Bayleys Waikato brokers Jordan Metcalfe and Rebecca Bruce are noting an uptick in enquiry from prospective investors looking to invest in commercial and industrial property for the first time.
This comes after changes in entry thresholds, compliance requirements and tax implications of owning residential investment property creating tangible barriers to the sector.
The industrial segment of the market in Hamilton is attracting particular attention, with entry-level units within strategically-located and planned business parks selling down off the plans in record time and often to investors who have previously not competed in this sector.
Metcalfe and Bruce are keen to help educate first-time entrants to the industrial property sector about the benefits it offers against other asset classes and hope a younger demographic of investors will consider industrial property as an investment vehicle.
“There have been a number of recent announcements that have taken the gloss off residential property investments and for some, the compliance hurdles, tax clawbacks and changes to the bright line test have tipped the scales too far,” said Metcalfe.
“Rebecca and I are both representative of a generation that may view commercial property as an unknown in terms of the jargon used, the previously grittier nature of industrial offerings and the fact that residential property with its ‘safe as houses’ philosophy just seemed more appealing.
“We are finding when we talk to people about the industrial market in Hamilton, they’re very surprised to learn that they could get a foothold with a unit for as little as $320,000 and they certainly won’t find that easily in any other sector now.”
Metcalfe said the industrial property market also thrives on the ‘location, location, location’ mantra that has traditionally underpinned the residential sector, and new developments within the proven established precincts like Te Rapa and Frankton will always be in demand because of the underlying credentials.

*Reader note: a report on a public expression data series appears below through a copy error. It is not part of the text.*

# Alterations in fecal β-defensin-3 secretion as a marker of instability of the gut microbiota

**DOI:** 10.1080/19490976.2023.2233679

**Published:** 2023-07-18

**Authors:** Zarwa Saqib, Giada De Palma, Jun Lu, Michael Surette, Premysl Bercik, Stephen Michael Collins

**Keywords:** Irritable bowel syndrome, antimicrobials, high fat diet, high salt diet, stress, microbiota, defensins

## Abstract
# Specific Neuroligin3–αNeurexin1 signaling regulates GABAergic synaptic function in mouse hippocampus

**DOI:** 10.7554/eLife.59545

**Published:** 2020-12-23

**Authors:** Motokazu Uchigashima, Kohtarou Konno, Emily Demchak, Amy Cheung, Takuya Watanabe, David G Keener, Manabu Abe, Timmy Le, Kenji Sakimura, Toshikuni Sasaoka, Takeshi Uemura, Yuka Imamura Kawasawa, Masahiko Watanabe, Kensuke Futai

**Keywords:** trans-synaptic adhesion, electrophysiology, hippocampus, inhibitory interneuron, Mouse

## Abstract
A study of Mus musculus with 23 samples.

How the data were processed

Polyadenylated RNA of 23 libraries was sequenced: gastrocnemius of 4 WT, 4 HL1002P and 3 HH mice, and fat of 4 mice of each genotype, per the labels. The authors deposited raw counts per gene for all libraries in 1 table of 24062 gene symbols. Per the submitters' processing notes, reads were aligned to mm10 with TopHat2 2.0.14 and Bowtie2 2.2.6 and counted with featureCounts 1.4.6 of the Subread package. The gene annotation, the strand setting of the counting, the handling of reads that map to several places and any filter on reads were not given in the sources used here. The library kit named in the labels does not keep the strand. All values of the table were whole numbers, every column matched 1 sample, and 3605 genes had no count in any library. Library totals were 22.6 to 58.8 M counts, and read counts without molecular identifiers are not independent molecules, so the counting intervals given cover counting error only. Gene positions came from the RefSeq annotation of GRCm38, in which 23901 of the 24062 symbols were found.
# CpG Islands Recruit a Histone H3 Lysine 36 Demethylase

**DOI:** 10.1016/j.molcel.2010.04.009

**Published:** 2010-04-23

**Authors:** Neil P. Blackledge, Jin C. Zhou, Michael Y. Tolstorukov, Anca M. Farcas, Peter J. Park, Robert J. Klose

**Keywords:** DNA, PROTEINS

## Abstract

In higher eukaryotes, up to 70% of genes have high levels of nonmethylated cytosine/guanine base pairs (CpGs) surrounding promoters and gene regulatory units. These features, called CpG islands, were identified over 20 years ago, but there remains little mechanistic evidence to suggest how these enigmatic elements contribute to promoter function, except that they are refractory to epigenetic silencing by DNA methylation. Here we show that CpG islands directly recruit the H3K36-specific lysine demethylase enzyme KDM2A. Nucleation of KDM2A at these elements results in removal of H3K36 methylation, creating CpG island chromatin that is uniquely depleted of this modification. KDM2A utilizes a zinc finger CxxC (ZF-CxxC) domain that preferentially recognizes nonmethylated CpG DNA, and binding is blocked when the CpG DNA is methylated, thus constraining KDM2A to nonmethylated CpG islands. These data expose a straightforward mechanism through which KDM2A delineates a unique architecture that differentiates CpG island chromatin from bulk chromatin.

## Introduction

“Arterial access and a central location are the prime considerations for occupiers of industrial units with typical trade-based service tenants needing to get out to jobs and back to base easily and quickly,” he said.
“Location trumps everything – and as these well-tested and tightly-held areas have shown, there is strong demand from tenants wishing to lease property within the established hubs.
“Add in the core fundamentals of a quality building, long lease length, favourable lease terms, and a quality tenant and investors can expect good income from the property, as well as long-term capital gain – without a bright line test to contend with.”
Industrial property as an asset class has become more gentrified in recent years with new developments incorporating quality design, finishes and landscaping that elevate them from the grimy sheds of old.
Rebecca Bruce said there is still an element of mystery surrounding industrial property for younger investors and those who previously dabbled in the residential investment sector.
She said with interest rates still at historic lows, the industrial market offers real opportunity.
“It would be easy to feel bamboozled by the terminology and acronyms used in the sector, but we’re here to demystify the language.
“Peel back the layers and industrial investment is actually very straightforward.
“There are many ways to structure a commercial property mortgage and still ways to leverage against equity in the family home, for example.
“Tenant agreements and contracts will look different to residential ones, and while an owner may not find the same frenzied demand being seen for residential property, once an industrial tenant is secured, the lease terms tend to be relatively long and fitouts and most outgoings become the tenant’s responsibility.”
The recent sell-down of 19 high-specification industrial units in Ellis Street, within the prime Frankton precinct, are held up as an example of the sort of investment opportunity that is resonating with new participants in the sector.
“This is a good-looking, well-planned and strategically-located development that just hit the right note in the market,” said Metcalfe.
“General rule of thumb when new investors are looking to buy off the plans is do your homework, look for developers with a steady track record, and steer away from those projects that require a certain level of pre-sales to determine a go-ahead.
“Industrial property has led the way for many years now as the best-performing asset class within the commercial arena, and with Hamilton firmly anchored in the economic Golden Triangle of New Zealand – new investors to the sector can take confidence from the growth being seen in the Waikato region.”